From IEC to ISO

In this column, we’ll explore how symbols migrate from IEC standards into ISO standards – and the importance of standardization.

 

To better specify the safety labels you use on your products, it’s helpful to understand the history behind how the safety symbols came to look the way they do. Why does a symbol have a certain proportion, shape, and size and why are these important to achieving universal understanding?

To begin with, let’s start with who is responsible for standardization. When it comes to the standardization of symbols, the two key global groups are the International Electrotechnical Commission (IEC) and the International Organization for Standardization (ISO). Breaking it down further, among these groups, there are two highly active technical committees: ISO/TC 145 and IEC SC3C. IEC and ISO cooperate closely, and even develop standards jointly. But, where do their separate areas of responsibility lie? ISO/TC 145 covers the standardization of public information symbols, non-electrical function and control symbols and all safety symbols, each category of symbols having its own standard. On the other side of the aisle, IEC SC3C standardizes function and control symbols for only electrotechnologies, collecting these symbols in a single standard titled, IEC 60417 Graphical symbols for use on equipment. What has to be clearly understood is that the IEC does not have responsibility for the development of safety symbols – the symbols intended to communicate a safety message in graphic form. That area of responsibility lies with ISO and falls within the scope of ISO/TC 145’s subcommittee 2. Now to see how this works. The world needs a standardized, uniform safety symbol for people to easily recognize that an electrical hazard exists. So what happens? Is this a stalemate between standards because IEC is in charge of electrical symbols and ISO is in charge of safety symbols? No. Why? Because IEC and ISO can work together, allowing what is accomplished in one group to “migrate” to become something new in the other. In the case of visually defining electrical hazards, the electrical hazard lightning bolt symbol was first standardized by IEC for use on function and controls, such as buttons, to indicate “dangerous voltage.” (See Figure 1). To create the definitive ISO electrical hazard safety symbol, ISO/TC 145, in its wisdom, picked up this IEC symbol verbatim and placed it inside the ISO standardized colored surround shape for a “warning” safety sign. The result, published in ISO 7010 Graphical symbols, registered safety signs, is the world’s standardized safety symbol for “Warning; electricity.” (See Figure 2).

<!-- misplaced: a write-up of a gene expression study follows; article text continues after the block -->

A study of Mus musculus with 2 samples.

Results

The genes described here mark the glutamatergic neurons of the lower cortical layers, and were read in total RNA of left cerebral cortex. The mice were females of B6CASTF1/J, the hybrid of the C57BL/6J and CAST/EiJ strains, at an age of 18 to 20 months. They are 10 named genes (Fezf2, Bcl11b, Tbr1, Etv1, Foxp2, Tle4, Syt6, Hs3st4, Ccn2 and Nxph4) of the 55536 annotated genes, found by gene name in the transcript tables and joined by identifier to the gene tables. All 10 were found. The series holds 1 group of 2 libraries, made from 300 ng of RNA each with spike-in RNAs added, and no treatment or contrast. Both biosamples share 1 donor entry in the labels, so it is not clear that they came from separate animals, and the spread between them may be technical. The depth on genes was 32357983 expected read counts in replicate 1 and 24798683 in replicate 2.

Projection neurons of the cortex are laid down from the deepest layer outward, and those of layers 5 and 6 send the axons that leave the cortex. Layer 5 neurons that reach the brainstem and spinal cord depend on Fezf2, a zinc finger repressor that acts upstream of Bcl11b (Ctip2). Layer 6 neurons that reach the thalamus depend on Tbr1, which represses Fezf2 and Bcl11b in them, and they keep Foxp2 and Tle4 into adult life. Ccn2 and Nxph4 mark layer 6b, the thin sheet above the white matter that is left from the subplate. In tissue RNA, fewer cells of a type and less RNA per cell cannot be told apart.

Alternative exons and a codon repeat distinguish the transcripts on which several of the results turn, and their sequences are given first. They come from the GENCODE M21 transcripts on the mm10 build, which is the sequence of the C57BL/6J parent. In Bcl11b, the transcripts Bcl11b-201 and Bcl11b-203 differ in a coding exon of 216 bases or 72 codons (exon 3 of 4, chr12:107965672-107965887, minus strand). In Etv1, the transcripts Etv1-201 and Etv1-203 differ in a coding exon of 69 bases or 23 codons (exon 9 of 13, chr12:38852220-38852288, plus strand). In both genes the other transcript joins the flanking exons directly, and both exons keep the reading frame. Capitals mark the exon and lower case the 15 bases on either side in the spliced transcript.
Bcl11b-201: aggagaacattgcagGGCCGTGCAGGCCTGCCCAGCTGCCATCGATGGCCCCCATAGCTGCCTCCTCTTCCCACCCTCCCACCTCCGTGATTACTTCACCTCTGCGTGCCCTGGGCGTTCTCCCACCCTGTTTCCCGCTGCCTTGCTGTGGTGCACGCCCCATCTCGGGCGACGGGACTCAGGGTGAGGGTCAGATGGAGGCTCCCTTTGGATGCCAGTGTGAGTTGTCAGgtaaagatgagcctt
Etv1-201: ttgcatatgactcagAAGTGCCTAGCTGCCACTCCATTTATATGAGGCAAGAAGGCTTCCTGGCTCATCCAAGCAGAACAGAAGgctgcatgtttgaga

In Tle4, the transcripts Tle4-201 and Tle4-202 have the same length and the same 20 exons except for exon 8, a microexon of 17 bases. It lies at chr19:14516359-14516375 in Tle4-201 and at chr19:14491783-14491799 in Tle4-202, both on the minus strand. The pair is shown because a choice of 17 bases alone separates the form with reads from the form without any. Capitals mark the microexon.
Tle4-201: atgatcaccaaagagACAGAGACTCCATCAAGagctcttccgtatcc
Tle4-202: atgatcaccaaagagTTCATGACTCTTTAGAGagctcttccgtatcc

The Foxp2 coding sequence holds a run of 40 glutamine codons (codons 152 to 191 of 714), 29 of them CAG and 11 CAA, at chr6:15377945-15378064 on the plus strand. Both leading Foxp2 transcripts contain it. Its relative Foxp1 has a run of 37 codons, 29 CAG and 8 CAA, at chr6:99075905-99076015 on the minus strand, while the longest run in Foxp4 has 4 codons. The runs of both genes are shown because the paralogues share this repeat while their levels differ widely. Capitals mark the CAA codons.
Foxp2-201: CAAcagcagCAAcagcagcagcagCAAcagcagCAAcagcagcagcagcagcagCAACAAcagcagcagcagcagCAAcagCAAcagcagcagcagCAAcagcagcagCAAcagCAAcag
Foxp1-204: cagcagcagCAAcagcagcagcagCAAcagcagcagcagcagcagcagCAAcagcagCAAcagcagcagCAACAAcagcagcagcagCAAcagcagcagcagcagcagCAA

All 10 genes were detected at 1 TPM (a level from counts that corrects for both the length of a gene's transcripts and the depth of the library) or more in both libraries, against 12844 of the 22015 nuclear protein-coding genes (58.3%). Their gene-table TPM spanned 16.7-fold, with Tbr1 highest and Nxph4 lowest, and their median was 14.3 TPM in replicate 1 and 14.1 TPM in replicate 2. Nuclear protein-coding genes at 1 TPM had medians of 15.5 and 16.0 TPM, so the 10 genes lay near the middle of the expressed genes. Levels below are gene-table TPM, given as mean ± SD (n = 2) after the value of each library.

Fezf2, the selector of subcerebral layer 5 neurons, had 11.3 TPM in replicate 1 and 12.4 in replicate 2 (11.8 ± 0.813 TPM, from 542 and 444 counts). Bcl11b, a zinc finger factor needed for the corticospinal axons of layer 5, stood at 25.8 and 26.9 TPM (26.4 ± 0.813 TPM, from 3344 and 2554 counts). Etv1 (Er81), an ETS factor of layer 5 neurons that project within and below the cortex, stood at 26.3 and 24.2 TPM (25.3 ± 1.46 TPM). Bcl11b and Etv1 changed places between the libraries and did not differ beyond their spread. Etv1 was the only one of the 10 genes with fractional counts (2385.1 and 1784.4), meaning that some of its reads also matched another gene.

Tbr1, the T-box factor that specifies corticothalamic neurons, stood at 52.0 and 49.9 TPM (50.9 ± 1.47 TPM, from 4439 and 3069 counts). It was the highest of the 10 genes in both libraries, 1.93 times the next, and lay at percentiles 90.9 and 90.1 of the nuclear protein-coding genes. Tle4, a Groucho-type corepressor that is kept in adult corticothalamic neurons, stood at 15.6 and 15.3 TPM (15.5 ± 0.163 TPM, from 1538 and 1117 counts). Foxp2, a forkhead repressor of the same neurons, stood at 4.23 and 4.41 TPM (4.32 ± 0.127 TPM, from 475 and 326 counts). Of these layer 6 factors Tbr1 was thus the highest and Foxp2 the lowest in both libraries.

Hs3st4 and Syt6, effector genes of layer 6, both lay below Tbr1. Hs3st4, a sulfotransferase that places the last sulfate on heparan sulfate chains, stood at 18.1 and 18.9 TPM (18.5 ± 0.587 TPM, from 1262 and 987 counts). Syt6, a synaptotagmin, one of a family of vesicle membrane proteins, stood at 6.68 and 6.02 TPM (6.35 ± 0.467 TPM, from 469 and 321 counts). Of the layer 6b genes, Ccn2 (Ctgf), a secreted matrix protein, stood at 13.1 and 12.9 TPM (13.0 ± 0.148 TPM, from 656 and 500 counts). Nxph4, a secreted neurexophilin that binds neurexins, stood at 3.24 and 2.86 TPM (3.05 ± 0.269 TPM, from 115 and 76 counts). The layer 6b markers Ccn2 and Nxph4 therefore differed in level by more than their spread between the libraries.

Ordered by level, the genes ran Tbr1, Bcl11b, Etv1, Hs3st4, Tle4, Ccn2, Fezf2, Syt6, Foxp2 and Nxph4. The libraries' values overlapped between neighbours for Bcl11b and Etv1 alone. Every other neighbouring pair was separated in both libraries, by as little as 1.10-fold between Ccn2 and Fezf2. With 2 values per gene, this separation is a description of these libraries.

There’s a science to creating icons that are intended to communicate their message. Exactness is critical and it’s achieved by following prescribed drawing methods. IEC SC3C and ISO/TC 145 both use carefully constructed design templates to ensure that standardized symbols are consistently drawn. Visual weight, placement within the template, and line widths are taken into account to ensure symbols have a high degree of legibility. And legibility is important because this is what allows people to see, differentiate and discern visual elements. Without it, the next step, comprehension, cannot occur. Uniformly applying best practice design principles that yield perceivable graphical symbols is what this is all about. Figure 3 illustrates how four different symbols share a consistency in their design; the “weight” of the black graphical symbols inside their triangles is similar; the amount of referential color (yellow) that remains is close, and there is a balance to the position of each of the symbols within their triangular frame.


 

Why is exactness in the development and use of internationally standardized symbols so important? Because when you, as a product design engineer, specify the use of these symbols on your products’ safety signs and labels, your goal is to achieve instant recognition. You don’t want people to have to “decipher” the sign (Figure 4). Uniformity in graphical symbol design brings clarity to communication. And when it comes to safety signs and labels, there is no more critical place where you need to achieve clear, concise communication. Anything less could cost lives.


  For more information about safety signs and symbols, visit www.clarionsafety.com. favicon

author_peckham-geoffrey Geoffrey Peckham is president of Clarion Safety Systems and chair of both the ANSI Z535.2 Standard for Environmental and Facility Safety Signs and the U.S. Technical Advisory Group to ISO Technical Committee 145- Graphical Symbols. Over the past two decades he has played a pivotal role in the harmonization of U.S. and international safety standards dealing with safety signs, colors, formats and symbols.